Virtual consults please rads as well as referrers, but workflow disruption may hinder widespread adoption


Reporting their results April 12 in the  Journal of the American College of Radiology, Andrew Rosenkrantz, MD, and colleagues at NYU Langone Medical Center in Manhattan describe their system connecting 74 referrers and 47 radiologists in 110 virtual consultation (VC) sessions.

During the test period, the referrers accessed the VC through the EMR while the rads tapped in with their PACS.

Upon reviewing clinical exam reports, the referrers could click a VC link. This would initiate an instant-messaging session with the appropriate subspecialist radiologist, who received an alert and a link to the report and its associated images.

The two then discussed the case in the instant-message field, and either one could control an optional real-time screen share of the radiologist’s PACS display.

Perhaps not surprisingly, ED physicians were the most eager users of the system (27.3 percent of the cohort). The authors note that this was likely so because the ED docs could use the system to “solicit rapid interpretations of recently completed examinations before official report dictation and thereby expedite ED management decisions.”

Internal medicine specialists were next (13.6 percent), and radiologists’ most common subspecialties were abdominal (33.6 percent) and thoracic (16.4 percent) imaging.

Screen-shares lasted, on average, 12 ± 16 minutes (range, 2 to 45 minutes; median, 5 minutes).

In a follow-up survey, 27 percent of the referring physicians (20 of 74) responded, and most gave the system high marks.

Using a five-point scale, the vast majority agreed that the VC was easy to use (90 percent), the VC improved their understanding of the radiology report (80 percent), the VC affected patient management (85 percent), access to a subspecialized radiologist was helpful (85 percent) and the VC enhanced the integration of the radiologist into the clinical care team (85 percent).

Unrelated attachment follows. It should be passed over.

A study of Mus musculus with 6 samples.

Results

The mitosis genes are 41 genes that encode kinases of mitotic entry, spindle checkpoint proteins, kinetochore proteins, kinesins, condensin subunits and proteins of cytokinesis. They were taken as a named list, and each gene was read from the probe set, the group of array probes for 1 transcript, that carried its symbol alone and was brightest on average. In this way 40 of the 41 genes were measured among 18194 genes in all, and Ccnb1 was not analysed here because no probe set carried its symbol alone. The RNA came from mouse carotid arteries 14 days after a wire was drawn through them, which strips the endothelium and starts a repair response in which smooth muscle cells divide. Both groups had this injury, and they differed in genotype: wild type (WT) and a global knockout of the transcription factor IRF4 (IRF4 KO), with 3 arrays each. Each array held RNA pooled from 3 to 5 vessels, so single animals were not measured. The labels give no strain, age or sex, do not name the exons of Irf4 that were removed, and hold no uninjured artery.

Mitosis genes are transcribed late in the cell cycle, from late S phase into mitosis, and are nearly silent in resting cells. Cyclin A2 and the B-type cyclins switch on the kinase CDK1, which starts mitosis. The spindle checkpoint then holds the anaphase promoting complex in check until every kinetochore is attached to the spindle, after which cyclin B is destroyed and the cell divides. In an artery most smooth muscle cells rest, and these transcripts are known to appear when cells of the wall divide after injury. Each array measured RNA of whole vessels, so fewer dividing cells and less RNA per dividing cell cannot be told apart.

Among the referrers who participated in screen shares and responded to the survey, 70 percent said the sharing function was helpful.

As for the radiologists, 48.9 percent (23 of 47) responded to the survey.

They tended to agree that the VC was easy to use (69 percent), participation in the VC contributed positively to patient care (60.9 percent) and the VC enhanced the integration of the radiologist into the clinical care team (73.9 percent).

A similarly sized majority of the rads, 60.9 percent, felt the VC was disruptive to normal workflow.

This concern “will ultimately need to be addressed to achieve radiologists’ buy-in and long-term success of the tool,” the authors write.

Still, the overall satisfaction with NYU-Langone’s virtual-consultation system on both ends reinforces the consensus that the radiologist’s role “does not end with the completion of the report but fundamentally entails participation in subsequent patient care activities, including follow-up communications with the referring physician to ensure that the report is properly understood and acted upon,” write Rosenkrantz and team.

“By helping ensure that examination interpretations are properly understood and acted upon by referring physicians,” they conclude, “the VC promotes the Imaging 3.0 initiative for radiologists to engage in added-value activities beyond image interpretation.”